A Louisiana man who made it his personal mission to ensure that hurricane victims had the basic necessities to live received a surprise gift on national television.
Samuel Mamou, a special education teacher and father of five, was celebrated live on Good Morning America Thursday for his work in the community and his selfless acts of kindness.
Mamou stepped in after Hurricane Ida ripped through Louisiana, leaving people displaced and without food, water, clothing, and more. His hometown of La Place was damaged, but he organized an effort with his church, New Wine Christian Fellowship Church, to help bring aid to their neighbors.
“You can imagine for so many people, it’s hot, no water, no power, and no food. It can make life very miserable,” said New Wine Christian Fellowship Church founder Neil Bernard, who is also Mamou’s father-in-law. “Sam is the one getting it all out, making sure that families get water, get food, get cleaning supplies, and everything they need to get back on their feet.”
Mamou’s work has not only impacted lives but has also inspired others, including volunteer Latanya Eugene, who commended Mamou for showing up to help others each day.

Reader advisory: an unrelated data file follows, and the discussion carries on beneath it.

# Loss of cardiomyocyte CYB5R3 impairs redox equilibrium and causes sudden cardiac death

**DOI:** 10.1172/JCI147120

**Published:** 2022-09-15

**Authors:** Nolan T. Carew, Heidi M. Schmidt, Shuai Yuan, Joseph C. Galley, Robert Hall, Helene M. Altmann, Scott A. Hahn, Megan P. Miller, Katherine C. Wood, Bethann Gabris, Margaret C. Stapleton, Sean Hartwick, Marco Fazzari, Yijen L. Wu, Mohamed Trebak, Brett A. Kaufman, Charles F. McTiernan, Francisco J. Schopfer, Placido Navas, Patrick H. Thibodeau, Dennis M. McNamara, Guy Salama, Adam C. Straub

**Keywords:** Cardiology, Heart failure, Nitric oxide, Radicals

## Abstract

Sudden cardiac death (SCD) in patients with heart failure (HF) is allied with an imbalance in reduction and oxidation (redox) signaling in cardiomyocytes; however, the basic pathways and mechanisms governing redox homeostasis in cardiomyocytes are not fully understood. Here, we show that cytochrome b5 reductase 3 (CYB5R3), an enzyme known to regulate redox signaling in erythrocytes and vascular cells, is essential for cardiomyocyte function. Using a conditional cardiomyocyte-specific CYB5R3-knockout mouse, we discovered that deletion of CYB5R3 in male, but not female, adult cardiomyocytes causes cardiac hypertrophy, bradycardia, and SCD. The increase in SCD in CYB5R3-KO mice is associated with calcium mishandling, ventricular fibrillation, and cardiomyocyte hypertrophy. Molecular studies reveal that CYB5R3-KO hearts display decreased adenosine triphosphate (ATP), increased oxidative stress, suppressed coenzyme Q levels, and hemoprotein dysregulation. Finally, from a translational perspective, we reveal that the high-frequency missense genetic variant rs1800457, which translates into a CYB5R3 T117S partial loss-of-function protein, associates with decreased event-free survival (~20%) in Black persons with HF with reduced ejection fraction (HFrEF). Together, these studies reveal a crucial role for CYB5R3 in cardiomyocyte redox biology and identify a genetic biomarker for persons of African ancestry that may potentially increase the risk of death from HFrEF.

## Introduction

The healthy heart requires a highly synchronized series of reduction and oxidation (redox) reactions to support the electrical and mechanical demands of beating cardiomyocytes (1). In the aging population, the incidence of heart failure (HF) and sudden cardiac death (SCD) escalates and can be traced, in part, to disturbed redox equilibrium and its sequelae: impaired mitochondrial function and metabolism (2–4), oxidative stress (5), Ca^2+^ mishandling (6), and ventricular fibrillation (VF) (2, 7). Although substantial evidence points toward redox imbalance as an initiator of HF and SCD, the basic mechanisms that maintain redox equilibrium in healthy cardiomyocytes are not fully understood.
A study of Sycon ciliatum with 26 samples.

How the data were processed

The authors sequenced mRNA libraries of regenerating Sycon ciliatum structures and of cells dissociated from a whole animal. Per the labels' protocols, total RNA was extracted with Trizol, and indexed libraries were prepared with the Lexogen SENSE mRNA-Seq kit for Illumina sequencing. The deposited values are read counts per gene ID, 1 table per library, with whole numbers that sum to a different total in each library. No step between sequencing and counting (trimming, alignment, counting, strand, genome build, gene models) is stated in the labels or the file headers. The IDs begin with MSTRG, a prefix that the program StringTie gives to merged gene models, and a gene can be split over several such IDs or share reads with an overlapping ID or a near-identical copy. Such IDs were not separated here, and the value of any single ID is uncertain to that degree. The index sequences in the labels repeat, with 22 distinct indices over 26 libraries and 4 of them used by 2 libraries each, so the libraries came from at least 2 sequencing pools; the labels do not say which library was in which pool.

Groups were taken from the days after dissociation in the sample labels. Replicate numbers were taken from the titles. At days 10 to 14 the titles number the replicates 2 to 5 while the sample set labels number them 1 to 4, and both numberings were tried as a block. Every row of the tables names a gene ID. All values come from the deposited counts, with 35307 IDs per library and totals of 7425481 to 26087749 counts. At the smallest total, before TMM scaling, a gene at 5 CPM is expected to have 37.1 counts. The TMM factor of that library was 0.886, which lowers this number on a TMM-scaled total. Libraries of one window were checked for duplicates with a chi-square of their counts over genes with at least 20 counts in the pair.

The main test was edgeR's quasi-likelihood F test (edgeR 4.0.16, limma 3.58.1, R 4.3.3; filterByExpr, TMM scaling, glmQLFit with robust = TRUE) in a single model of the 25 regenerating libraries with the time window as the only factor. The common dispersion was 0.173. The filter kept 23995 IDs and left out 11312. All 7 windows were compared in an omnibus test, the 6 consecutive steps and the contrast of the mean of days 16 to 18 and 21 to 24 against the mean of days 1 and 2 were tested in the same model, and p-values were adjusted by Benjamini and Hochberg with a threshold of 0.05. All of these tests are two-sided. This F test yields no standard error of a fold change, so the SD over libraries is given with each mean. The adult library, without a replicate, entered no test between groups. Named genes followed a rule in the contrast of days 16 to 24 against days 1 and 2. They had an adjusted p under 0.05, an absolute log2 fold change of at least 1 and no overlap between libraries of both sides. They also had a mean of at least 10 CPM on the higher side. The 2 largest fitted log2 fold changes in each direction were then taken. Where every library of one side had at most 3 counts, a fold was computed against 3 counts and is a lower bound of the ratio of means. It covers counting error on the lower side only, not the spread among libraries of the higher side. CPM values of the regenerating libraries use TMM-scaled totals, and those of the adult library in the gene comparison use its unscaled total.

“He can easily say, ‘Well, no, I don’t want to come down. I have to take care of mine,’ but, no, that’s not who he is,” said Eugene. “He’s here at 7:30, 8 o’clock every morning, getting things set up. He’s smiling with the people, giving them a smile, you know, letting them know things [are] going to be OK.”
Mamou and his family were surprised with a $10,000 check from Sheex, a bedding and mattress company, to help them rebuild their home.
Clorox also donated two truckloads of supplies and $20,000 to help Mamou and the New Wine Christian Fellowship purchase more Clorox supplies to continue to give back to the community.
“We can do a lot with this. We can do a whole lot with this,” said Mamou. “Thank you so much.”
Mamou said he is motivated to help by his faith, following the motto, “If you handle God’s house, he’ll handle your house.”
Another volunteer, Blaine Robertson, called Mamou a “modern-day hero,” adding, “We forget to kind of look at the people who are in our lives every day who are really doing the work to help and impact someone else.